Byron Bay’s original inhabitants are the Arakwal people, who are part of the Bundjalung group. The Arakwal called this meeting place ‘Cavvanbah’, which was the name of the settlement until 1894 when it became Byron Bay.
Captain Cook originally named Cape Byron after Admiral Byron, not after his nephew the poet Lord Byron. However, the poetic idea took hold and many of Byron’s streets are named after famous poets.
For all its sophistication now, Byron Bay was a working class port town for much of its life. A dairy cooperative formed in 1895, supplemented by a piggery. Between 1913 and 1920 Byron’s meatworks operated near the sea shore at Belongil. From the 1930s a sand mining company extracted minerals from the beaches and from the 1950s Byron Bay Whaling Co. started capturing and killing whales until it closed in 1962.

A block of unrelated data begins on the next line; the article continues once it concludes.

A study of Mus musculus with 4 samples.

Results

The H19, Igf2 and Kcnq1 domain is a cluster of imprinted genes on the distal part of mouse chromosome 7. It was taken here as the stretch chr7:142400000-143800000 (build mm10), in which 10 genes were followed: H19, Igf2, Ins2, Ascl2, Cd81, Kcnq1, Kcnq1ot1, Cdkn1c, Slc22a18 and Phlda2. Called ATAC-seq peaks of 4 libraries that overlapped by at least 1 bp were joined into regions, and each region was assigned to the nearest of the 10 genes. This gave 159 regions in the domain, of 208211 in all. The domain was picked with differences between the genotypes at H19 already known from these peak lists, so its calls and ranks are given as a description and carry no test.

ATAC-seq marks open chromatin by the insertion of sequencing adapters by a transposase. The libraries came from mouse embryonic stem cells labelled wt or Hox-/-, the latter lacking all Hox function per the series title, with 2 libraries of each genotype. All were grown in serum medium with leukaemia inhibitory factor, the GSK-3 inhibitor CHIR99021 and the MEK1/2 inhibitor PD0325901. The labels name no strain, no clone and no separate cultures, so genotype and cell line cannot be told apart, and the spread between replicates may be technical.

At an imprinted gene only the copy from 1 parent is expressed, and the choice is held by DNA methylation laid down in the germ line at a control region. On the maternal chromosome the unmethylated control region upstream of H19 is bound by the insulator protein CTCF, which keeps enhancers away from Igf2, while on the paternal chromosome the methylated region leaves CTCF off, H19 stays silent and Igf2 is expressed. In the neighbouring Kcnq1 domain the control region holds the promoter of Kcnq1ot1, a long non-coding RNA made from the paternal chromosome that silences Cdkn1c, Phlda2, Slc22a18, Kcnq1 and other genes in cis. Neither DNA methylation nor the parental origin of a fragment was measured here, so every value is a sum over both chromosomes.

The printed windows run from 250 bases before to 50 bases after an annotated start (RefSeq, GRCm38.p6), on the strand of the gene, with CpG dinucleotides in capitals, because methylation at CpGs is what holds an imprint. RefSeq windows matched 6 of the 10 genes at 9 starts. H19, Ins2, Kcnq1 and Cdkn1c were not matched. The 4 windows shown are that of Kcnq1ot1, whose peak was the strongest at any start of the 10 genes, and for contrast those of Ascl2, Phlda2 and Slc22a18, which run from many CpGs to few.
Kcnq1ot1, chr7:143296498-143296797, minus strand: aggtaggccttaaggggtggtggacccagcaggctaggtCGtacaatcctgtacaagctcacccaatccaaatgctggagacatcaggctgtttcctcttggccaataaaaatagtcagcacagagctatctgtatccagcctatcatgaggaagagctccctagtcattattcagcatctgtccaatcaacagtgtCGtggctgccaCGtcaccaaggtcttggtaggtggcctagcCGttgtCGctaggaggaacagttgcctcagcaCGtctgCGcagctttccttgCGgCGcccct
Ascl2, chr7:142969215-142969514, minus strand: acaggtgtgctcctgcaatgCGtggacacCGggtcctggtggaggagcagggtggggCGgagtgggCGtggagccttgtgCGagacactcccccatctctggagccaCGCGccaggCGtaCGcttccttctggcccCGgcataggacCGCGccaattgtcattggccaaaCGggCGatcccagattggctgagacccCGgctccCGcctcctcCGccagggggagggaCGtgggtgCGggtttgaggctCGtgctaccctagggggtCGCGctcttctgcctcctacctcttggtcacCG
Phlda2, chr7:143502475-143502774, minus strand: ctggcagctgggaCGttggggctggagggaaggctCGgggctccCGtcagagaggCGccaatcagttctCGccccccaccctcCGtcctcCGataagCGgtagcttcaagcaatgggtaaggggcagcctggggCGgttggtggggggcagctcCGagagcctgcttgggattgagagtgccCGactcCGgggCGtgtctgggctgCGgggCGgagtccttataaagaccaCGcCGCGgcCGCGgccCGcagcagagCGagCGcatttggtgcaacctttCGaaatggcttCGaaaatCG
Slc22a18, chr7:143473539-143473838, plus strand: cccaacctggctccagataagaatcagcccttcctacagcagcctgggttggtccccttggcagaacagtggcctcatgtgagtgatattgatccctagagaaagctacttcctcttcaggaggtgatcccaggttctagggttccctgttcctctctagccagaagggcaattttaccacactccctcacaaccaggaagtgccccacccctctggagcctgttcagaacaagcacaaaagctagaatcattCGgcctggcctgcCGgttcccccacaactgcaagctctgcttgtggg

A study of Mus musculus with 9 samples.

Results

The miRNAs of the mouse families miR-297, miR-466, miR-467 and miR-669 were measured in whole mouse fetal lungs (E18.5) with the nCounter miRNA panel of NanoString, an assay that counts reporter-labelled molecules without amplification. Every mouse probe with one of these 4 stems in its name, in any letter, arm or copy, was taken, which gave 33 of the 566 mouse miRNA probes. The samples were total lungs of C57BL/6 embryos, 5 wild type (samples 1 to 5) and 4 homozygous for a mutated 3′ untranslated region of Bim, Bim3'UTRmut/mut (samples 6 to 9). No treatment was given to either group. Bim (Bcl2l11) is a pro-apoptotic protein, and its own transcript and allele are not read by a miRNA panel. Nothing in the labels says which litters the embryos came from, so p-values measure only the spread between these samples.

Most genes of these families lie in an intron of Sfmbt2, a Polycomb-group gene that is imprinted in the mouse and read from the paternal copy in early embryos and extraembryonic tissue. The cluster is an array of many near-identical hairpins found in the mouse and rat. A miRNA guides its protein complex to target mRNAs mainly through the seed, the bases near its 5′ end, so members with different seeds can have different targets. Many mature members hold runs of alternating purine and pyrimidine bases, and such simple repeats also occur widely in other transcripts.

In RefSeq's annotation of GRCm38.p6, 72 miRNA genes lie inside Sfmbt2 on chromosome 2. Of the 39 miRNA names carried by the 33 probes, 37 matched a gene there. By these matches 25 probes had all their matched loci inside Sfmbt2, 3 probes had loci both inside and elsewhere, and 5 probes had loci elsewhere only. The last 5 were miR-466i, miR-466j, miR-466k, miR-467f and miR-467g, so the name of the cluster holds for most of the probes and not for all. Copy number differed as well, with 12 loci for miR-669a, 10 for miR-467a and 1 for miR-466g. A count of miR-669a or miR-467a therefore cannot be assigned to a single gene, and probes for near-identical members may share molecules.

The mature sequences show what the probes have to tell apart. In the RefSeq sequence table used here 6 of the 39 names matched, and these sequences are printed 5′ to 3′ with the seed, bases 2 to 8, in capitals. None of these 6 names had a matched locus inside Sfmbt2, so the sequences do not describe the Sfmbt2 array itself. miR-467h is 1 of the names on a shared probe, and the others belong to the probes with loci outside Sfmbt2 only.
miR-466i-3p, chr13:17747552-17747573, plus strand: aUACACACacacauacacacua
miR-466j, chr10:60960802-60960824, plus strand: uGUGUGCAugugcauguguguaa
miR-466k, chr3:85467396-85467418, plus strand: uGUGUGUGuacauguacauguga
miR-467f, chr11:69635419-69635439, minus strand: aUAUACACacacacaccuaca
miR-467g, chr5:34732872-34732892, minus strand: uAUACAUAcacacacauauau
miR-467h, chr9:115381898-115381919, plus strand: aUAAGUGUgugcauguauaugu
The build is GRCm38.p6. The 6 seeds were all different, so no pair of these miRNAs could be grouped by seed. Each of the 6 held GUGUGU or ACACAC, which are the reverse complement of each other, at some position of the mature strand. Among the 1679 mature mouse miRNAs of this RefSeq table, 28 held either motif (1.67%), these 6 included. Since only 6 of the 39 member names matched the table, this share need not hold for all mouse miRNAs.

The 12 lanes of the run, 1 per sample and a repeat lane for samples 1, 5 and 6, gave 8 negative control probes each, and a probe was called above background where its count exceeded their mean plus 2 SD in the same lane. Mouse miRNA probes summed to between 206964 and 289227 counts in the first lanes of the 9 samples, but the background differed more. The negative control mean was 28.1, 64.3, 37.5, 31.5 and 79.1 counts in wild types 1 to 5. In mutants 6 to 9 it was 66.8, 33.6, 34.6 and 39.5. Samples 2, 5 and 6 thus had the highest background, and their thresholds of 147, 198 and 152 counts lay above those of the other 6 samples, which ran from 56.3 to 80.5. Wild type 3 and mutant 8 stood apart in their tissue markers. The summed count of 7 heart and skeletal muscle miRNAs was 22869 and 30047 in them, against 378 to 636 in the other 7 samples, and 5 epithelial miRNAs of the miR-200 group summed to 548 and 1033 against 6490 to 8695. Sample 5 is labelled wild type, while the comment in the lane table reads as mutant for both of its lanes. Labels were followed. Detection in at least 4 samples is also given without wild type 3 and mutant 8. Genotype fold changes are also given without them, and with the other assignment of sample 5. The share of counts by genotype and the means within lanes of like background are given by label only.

Byron’s own shift to a holiday destination started when it was discovered by surfers in the 1960s and then by settlers coming from the cities – especially the wave of new age settlers that came to the north coast region for the 1973 Aquarius Festival. Since then it has been found by new generations of Australians and is has earned its place in international backpacking destinations.
Over the past 30 years Byron has become a place of holidays, pleasure, healing, nature and alternative lifestyles. It’s now home to many seachangers - people from Sydney, Melbourne and other cities who telecommute, start new businesses or take an active retirement.
The traditional owners – the Bundjalung people of Byron Bay – now take an active role in the management of Arakwal National Park and other areas of Crown land returned to them under an Indigenous Land Use Agreement covering 245 hectares of Crown land in and around Byron Bay.